Our trip from Raton to Cochiti Lake, NM covered 221 miles including a 16 mile detour to Fort Union National Historic Site and another 12 mile detour to Pecos National Historic Park. Most of the travel was along good roads on Interstate 25 so we made good time but it was still an eight hour day after the two stops. We are staying at a Corp of Engineer campground on Cochiti Lake about 30 minutes Northwest of Santa Fe, NM. The lake was created by damming up the Rio Grande River, yes the same river that separates Texas and Mexico. It starts North of here in the Colorado Rockies. We have found that most rivers that are west of the Mississippi River originate in the Colorado Rockies. That's probably not news to most of you but it is something we had never thought about and we're glad to have learned it, but even happier to have experienced a good bit of it. We have 50 amps and water, good Verizon coverage and adequate internet coverage with the MiFi. There are few trees of any size in the campground so DirecTV was quick and easy as well.
We spent Monday and Tuesday relaxing, enjoying the view and catching up on a few things around the Mothership. We have now filled up our hiking sticks with the badges so it was time to get a couple more sticks when we found them at Bandelier National Monument on Wednesday when we visited it.
Our stop at Fort Union National Historic Site
was about two hours long while we toured the old fort. That entailed about a one mile plus hike around the different structures that have had their deterioration arrested and are being reconstructed and saved for all of us to see how things were a 150 years ago. Fort Union was the largest fort in the West and acted as a supply center on the Santa Fe Trail to supply all the other forts in the Southwest.
We next stopped at the Pecos National Historic Park
for about the same amount of time and length of hike. This was probably the largest overall pueblo we have seen on this trip as it covered more than a quarter-mile on top of the ridge where it was constructed. It was built by much later natives than the ancient ones or the Anasazi that we saw around Mesa Verde or Hovenweep. The Pecos Pueblo still had 27 inhabitants at the beginning of the US Civil War though they left soon after. This is also the first pueblo we have seen containing a church. Like I said, these were much later natives that were there when North America was discovered by the Spaniards. The Conquistadors and the accompanying friars had a great deal to do with religion being pushed on them in that time frame. The church in the pictures was the third church built at this pueblo.
After visiting these two sites my curiosity had been aroused by the designation: "National Historic Park." We have been to several Historic Sites but Pecos was the first Historic Park. After a little research I found a great article on the different designations at this government site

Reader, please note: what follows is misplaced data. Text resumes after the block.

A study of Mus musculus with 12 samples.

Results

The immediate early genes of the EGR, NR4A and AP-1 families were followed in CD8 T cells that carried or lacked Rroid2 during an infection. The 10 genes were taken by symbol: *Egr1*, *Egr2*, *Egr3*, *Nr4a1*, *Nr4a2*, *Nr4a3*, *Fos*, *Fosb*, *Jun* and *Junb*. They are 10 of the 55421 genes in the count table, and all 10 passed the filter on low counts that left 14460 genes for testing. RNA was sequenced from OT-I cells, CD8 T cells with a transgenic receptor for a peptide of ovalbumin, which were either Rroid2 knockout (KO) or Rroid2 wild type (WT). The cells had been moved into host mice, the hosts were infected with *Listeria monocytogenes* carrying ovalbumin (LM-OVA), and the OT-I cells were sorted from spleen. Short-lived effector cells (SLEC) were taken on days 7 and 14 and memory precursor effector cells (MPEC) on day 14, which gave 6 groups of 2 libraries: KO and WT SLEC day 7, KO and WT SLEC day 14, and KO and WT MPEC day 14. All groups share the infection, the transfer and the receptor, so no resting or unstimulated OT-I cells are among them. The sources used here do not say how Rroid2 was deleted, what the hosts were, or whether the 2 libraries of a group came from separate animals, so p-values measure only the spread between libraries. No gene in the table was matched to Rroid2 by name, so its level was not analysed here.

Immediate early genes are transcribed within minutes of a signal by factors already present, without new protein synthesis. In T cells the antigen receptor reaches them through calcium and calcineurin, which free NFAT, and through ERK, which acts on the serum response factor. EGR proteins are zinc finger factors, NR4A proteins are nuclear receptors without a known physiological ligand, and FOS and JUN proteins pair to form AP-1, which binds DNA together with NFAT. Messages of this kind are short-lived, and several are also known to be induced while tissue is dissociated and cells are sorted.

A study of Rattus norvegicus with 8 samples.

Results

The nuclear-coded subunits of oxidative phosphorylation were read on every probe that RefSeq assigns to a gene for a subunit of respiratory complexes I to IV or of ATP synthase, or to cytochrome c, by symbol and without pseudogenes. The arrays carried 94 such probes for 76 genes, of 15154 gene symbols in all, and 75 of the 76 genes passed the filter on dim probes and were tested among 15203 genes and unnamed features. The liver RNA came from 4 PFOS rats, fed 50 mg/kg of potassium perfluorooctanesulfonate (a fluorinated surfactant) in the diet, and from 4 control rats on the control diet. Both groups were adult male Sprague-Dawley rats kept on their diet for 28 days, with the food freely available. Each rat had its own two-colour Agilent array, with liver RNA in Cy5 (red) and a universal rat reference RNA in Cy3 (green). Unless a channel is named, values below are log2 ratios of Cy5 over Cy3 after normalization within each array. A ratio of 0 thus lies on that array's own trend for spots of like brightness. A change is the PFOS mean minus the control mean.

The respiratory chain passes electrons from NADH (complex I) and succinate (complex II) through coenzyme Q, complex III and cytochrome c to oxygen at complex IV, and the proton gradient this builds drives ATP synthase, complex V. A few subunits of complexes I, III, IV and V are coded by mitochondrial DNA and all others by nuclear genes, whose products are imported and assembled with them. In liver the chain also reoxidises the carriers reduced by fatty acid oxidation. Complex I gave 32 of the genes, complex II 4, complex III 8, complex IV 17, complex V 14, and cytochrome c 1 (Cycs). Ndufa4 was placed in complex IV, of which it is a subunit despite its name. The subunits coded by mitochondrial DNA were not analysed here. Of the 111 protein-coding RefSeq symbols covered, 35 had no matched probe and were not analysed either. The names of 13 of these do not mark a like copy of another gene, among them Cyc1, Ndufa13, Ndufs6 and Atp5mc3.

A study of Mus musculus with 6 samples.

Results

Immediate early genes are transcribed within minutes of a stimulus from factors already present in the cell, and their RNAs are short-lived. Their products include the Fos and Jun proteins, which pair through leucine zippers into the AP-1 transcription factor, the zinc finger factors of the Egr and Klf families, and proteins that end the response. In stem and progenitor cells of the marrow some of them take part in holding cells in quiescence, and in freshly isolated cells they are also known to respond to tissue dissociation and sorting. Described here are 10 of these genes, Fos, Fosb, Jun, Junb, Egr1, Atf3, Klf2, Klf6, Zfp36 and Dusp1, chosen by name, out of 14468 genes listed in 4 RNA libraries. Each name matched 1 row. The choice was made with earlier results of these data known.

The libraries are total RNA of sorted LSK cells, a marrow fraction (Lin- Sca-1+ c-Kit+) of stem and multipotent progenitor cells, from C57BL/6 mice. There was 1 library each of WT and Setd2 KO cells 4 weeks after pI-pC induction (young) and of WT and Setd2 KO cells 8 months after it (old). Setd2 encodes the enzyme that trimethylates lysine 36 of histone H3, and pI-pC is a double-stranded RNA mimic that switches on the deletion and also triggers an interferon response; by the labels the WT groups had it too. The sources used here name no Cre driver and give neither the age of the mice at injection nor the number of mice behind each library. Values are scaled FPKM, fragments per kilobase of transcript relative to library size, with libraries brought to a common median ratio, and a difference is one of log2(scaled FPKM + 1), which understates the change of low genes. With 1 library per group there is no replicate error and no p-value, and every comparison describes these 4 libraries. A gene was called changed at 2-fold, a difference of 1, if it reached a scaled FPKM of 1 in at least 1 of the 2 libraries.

Wednesday, we made a large loop (184 miles) East through Santa Fe, North and West to Bandelier National Monument, farther West to Los Alamos to visit the Bradbury Science Museum, then on West and South to Jemez Springs to visit the Jemez State Historic Site and completed the drive East and North back to Cochiti Lake.
The Bandelier National Monument
had just reopened Frijoles Canyon Monday after being closed due to the Las Conchas Fire
which started June 26 when a tree fell on a power line and eventually burned 156,000 acres, becoming the largest wildfire in New Mexico history. Due to the loss of trees, flooding is now the largest danger to the area and the normal visitor center is closed since they have moved the artifacts to safer ground. We had to park in White Rock (about 20 minutes away) and take a shuttle to the temporary visitor center near the normal one. We hiked the Main Loop Trail by all of the pueblo areas and found it to be similar to others we had seen yet different in its own way. No matter how many of these we see, we are amazed to see both the similarities and the differences considering they were built during completely different times and by vastly different peoples.
Next we went to Los Alamos, nicknamed "The Atomic City", where we enjoyed lunch and a visit to the Bradbury Science Museum
which is a free museum maintained by the Los Alamos National Laboratory. We watched the very interesting movie "The Town That Never Was" which covers how Los Alamos was established and the first nuclear bomb developed. We also watched another movie "Mission: Stockpile Stewardship" which covers how the lab continues to find ways to test our stockpile of weapons to make sure they are safe and will be able to be used reliably if the need ever arises. They have to do this without actually exploding any of them due to the current nuclear treaties with other countries. Needless to say, computers play a huge role in this and they have developed some very complicated programs to accomplish this. The museum had the most interactivity of any museum we have ever seen with displays and audio/video stations that allowed you to learn about anything you wanted to know about our nuclear program at your own pace and without interruption.
After a couple of hours in Los Alamos we headed on west and South to Jemez Springs to see the Jemez State Monument
which has a small museum, but the main attraction is the pueblo and adjacent church built there. This church was also built by the friars accompanying the Conquistadors when they took over the region about the same time they did likewise at the Pecos Pueblo. They also had a nicely refurbished Kiva complete with roof. This visit lasted less than hour but was well worth the effort.
I am going to go ahead and post this so it doesn't become so large, and I will post again September 4 as to what we cover between now and then. That probably will not be much as the weekend of football is in there as well.